State officials have called for patience. Students have called for answers. Johnson’s lawyer has called for justice.
And the Vice-President of U.Va., Dr. Marcus Martin, in an interview with Anderson Cooper, questioned tactics used by the uniformed Special Agents.
The agents were out in an area of Charlottesville called ‘the Corner,’ an area situated by campus where restaurants, boutiques and bars are frequented by students.
So far, on record, Johnson’s lawyer Daniel Watkins has said the arrest was made after midnight the night of St. Patrick’s Day. Johnson was standing on the sidewalk near Trinity Irish pub when an employee approached him and asked him for identification, said Watkins.
“At no time throughout the encounter did Martese present, as has been reported by some in the media, a fake ID,” said Watkins. “Nevertheless, Virginia ABC officers who were present on the scene questioned my client about being in possession of false identification.”
Johnson presented a valid Illinois state identification card issued in 2011, explained Watkins. When Martese was quizzed on the ZIP code he recited the current ZIP code at his mother’s Chicago city address, which is different from the Chicago city ZIP code on the identification card that was printed almost four years ago.
Dr. Martin reiterated that account to Anderson Cooper, and he also said Johnson “was apparently not intoxicated.”
“I don't have the results of it,” Martin said. "The breathalyzer test was done at the police station and it did not indicate that he was intoxicated.”
“The bystanders and credible witnesses that I spoke with indicated that he did not resist arrest,” Martin continued. “However, he was charged to my knowledge, on obstructing justice as well as being drunk in public, neither of which seems to have occurred.”
The charge in addition to Obstruction of Justice, without force has been listed by police as Public Swearing/And or Public Intoxication. No clarification has been made publically about a breathalyzer.
“Even if so [if he was intoxicated] no one should have been treated this way, pushed down brutally on the rock hard pavement, like he did, and sustained trauma,” Martins said. “He had a vertical laceration, forehead into scalp, which I saw, and I saw the stitches replaced -- 10 stitches.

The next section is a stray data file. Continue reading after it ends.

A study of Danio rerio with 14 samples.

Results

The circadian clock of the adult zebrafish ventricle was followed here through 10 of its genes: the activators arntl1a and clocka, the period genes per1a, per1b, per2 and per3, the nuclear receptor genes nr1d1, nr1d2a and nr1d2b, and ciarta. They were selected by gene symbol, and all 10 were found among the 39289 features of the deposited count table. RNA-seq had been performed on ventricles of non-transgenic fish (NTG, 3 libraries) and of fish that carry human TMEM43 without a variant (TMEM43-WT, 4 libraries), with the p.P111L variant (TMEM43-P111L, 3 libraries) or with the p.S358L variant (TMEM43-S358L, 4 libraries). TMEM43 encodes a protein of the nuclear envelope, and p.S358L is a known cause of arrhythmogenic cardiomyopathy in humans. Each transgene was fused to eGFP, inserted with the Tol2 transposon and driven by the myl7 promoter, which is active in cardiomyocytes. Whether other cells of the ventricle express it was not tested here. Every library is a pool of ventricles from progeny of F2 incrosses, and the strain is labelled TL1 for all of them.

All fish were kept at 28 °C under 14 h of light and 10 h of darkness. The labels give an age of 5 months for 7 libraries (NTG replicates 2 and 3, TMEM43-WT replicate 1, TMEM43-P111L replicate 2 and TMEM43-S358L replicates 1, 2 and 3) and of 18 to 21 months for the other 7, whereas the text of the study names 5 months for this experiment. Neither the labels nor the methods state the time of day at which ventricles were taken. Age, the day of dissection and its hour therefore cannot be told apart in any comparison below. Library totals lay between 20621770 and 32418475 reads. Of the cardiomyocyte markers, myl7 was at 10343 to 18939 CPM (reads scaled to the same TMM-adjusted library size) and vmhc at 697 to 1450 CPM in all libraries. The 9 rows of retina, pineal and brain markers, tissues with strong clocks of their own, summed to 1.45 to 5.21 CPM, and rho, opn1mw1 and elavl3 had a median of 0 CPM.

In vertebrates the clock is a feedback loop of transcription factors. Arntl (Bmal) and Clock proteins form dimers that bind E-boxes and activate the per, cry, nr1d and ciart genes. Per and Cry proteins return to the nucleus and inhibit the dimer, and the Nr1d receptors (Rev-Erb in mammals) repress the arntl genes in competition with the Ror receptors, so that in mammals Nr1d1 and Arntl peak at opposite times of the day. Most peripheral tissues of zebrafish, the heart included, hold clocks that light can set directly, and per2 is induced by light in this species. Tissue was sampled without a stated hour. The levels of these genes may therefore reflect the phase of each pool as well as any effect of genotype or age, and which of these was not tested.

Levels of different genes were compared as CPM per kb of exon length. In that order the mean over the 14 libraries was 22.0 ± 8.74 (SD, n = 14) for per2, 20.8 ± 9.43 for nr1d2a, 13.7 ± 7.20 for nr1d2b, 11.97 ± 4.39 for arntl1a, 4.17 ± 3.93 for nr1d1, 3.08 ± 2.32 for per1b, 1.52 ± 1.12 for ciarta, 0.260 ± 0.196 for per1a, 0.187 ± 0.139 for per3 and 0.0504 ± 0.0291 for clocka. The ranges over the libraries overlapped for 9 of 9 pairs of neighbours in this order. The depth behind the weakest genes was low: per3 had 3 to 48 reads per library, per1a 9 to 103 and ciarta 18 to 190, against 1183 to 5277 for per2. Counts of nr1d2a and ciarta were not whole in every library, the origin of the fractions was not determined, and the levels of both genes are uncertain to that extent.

“Ecchymosis places, bruising, redness and abrasions about his face that should not have happened,” Martin said of Johnson’s injuries.
“This should've been de-escalated,” he continued. “[Agents] could have taken him to the side…and just said okay let's have a conversation, rather than push him down to the pavement.”
University officials, local and state police, along with ABC officials have attempted to respond to an anxious student body as the investigation continues.
After days of prayer, protest and dialogue, a forum was held Friday at a theater on campus. It was intended as a student safe space where they could question Virginia’s most senior law enforcement officials.
Even though many expressed their frustrations, there were also many who thought it was a good first step. The mood was heated and sometimes tense. Students left the meeting chanting “Black Lives Matter.” The group says that their questions about Martese Johnson were not answered.
“It’s important for you to know that being a thorough investigation, it could take time, even weeks,” Secretary Brian Moran said. “We ask for your patience.”
“It’s insane, I was hoping to know some answers as to why we’re having this problems, and maybe to gain some information to fix it,” said Taylor Baugh.
“We want a thorough investigation, there is a lot of information out there that may not be accurate,” said Moran. “I don’t want people to jump to conclusions without the facts.”